Friday, 8 April 2011

Love thine Artist

With Omnitarium I learned a very important lesson; no matter how great you think your story is, the first thing that people will mention is the art work on a comic book.

Comic books are going through a transitional period at the moment. On the one hand numbers are falling in the direct market and doomsayers are out in force talking about the end of the art form as we know it. On the other hand everyone and his dog now live in times where it is easier to produce a comic book than ever before.

Easier to produce.

Print on demand has removed the unknown risk of printing up a bulk order of a book and the common trend for indie folks of having a closet full of copies, slowly shifting them over the years.

By removing that moment to think obstacle, more people are rushing to put out their ideas than ever before - what ever the quality.

Don't get me wrong, I love indie books, and love rough and ready oddities - comics to me are a completely open canvas, a means of telling a story in any way that works.

Many people equate comics with superheroes. The biggest market share is probably taken up by this genre, in the west for sure. They are the summer blockbusters of the comics world. And yet people don't instantly think of huge-budgeted-often-sequel-ed-movies when you say film. But I digress.

The quality of the mainstream comic book world are certainly of a quality. The level of printing and the art work and colouring, certainly, are expected to be of a standard.

If you want to make comics like these, you have to match that quality. Writers and creators need to remember this.

It's not easy to connect with an artist, to form a creative working partnership. Some writers arrogantly presume something along the lines of "it's my idea, you're just the artist" and want people to jump on board their brilliance train gratis, riding the glory into the station. Not going to happen.

You need to decide what you want to do with your book before you start. Is this a pitch? Is this an indie project to get something published and make a small name for yourself in order to be able to make pitches? Is this a hobby? Is this the first in a long line of indie books you want to put out because you have a story to tell? Is this a business?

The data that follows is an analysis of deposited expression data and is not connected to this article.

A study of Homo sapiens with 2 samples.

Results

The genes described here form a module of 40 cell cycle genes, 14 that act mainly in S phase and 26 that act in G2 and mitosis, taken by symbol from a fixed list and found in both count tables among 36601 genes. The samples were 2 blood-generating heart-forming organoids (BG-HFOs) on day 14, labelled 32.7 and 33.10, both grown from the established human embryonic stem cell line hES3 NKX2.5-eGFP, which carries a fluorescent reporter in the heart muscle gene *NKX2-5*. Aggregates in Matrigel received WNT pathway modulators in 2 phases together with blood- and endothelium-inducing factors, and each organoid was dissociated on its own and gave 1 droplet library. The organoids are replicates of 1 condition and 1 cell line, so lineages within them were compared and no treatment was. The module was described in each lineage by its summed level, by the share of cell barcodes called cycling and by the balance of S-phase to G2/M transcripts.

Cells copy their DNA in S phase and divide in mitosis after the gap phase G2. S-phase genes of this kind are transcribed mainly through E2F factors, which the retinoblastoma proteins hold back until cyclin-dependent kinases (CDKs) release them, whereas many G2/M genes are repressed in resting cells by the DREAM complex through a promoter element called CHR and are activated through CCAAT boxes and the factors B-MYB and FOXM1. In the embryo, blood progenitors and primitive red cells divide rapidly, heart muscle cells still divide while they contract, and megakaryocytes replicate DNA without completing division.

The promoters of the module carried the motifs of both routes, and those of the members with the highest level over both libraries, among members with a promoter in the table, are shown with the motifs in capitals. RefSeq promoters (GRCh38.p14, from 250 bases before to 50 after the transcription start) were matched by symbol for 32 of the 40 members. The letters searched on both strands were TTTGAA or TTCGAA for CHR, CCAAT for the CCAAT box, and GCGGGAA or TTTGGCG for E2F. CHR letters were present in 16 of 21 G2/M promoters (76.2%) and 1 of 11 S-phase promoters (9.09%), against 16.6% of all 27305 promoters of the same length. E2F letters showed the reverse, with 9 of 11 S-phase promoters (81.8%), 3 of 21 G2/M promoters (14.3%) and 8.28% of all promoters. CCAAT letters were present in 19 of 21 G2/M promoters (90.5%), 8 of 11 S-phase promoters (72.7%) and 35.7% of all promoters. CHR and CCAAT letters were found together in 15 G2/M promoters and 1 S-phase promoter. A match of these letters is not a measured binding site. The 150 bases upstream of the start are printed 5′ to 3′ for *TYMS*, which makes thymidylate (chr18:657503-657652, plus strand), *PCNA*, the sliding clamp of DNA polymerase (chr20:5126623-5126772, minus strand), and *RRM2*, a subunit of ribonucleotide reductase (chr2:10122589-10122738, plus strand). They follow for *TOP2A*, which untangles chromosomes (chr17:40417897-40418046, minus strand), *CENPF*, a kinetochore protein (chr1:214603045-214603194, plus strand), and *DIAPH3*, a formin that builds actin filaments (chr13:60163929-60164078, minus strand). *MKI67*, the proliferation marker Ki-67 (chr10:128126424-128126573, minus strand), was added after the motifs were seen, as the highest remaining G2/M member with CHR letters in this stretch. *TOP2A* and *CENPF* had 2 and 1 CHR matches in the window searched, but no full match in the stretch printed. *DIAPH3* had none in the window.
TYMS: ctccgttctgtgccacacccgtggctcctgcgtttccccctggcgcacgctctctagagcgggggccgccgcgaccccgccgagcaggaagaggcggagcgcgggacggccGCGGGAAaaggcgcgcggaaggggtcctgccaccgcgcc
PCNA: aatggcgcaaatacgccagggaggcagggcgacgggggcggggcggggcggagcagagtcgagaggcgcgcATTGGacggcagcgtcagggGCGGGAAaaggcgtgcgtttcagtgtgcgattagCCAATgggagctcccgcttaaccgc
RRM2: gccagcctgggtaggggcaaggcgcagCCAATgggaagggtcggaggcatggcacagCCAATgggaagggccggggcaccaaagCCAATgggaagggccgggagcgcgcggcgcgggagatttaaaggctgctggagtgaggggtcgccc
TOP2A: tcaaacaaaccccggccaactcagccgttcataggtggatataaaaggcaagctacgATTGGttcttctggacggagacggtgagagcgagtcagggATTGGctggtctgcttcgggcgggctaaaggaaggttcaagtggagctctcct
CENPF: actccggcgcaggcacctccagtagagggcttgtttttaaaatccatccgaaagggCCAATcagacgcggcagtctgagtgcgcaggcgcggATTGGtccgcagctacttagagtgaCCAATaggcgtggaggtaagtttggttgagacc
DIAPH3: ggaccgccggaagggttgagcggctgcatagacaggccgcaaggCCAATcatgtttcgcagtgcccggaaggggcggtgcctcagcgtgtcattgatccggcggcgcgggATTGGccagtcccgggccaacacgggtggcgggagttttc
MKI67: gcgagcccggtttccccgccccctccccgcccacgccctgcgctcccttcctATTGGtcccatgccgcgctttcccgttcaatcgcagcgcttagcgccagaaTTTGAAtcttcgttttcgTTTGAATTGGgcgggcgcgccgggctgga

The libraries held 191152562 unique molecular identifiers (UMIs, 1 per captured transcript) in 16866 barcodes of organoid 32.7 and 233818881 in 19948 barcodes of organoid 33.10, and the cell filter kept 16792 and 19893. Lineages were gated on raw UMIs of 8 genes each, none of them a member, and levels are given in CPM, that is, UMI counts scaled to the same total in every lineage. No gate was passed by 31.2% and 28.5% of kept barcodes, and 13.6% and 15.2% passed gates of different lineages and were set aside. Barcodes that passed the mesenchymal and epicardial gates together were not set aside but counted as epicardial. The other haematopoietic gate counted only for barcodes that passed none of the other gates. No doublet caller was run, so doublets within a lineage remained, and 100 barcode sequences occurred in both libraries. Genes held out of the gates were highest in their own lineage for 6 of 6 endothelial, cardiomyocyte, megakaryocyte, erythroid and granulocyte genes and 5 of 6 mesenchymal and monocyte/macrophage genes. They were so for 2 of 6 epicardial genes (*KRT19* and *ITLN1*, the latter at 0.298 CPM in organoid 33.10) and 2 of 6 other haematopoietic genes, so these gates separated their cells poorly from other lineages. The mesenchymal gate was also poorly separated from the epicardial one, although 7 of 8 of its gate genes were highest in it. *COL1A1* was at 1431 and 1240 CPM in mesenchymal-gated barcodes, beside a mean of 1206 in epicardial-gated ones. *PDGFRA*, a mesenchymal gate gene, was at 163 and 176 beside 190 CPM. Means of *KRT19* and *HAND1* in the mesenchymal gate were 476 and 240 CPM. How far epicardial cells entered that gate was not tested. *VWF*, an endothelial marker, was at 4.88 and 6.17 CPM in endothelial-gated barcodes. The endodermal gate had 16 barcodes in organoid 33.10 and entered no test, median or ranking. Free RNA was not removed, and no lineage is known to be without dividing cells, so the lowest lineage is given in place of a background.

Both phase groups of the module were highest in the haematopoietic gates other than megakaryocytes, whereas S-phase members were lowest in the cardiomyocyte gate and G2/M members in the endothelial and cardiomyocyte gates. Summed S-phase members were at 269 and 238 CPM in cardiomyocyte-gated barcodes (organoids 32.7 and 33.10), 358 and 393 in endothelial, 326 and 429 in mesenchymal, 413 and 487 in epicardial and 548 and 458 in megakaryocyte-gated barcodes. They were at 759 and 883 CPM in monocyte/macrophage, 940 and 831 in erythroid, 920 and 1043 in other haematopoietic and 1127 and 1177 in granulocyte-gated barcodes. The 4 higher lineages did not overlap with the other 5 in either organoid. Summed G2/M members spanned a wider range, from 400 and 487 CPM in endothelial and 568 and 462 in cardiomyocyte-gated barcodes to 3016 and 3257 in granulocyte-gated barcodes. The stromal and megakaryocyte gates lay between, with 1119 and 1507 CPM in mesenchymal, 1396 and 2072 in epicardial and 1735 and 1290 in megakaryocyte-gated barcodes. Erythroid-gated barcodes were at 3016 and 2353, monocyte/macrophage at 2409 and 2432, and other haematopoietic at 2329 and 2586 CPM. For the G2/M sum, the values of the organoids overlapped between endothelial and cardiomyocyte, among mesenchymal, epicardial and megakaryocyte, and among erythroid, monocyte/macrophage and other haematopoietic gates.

Pitching may seem like an easy option. You have a great idea, you need 6 completed pages to show someone (normally 6 sometimes companies ask for more) and then you just know they are going to pick it up. Maybe. Maybe your idea is great, but if your art isn't eye-catching, or your artist doesn't know how to tell your story with pictures, chances are that a publisher isn't going to give it the time of day. And published books are of a certain standard, remember.

You could get a professional artist to do those pages, to bring it to the next level, right?

Maybe. If you know one, and they are on board, great! If you don't, but you have the money, you could hire them. Or maybe artists want to work on their own projects, and don't know if you are to be trusted as a business partner, because, to be honest your email had a couple of spelling errors, was a little to casual, too formal, just didn't feel right. A certain standard, remember.

If you want to make a book, you need to be selling it from the get go. Sometimes not just it, but you the brand also. You have confidence in this book, it will sell because target market X is just crying out for this book! It's a win win!


Shrinking market space, in terms of less product being bought and more creators joining, may put you off. It shouldn't. It should just make you think twice, and thrice about why you are doing things. What is your aim with this?

It will take time and money to create a finished comic book - more of both if you want to match a standard set by the big players in the industry. Make a realistic budget, then a realistic time table. If you are looking to make money back on the project, firstly, good luck. Secondly, be realistic. When? How?

You need to think about these things.

And treat your artist with love and respect. They deserve it. Without them, your idea is just an idea. A powerful thing, no doubt, but not quite ready for the world.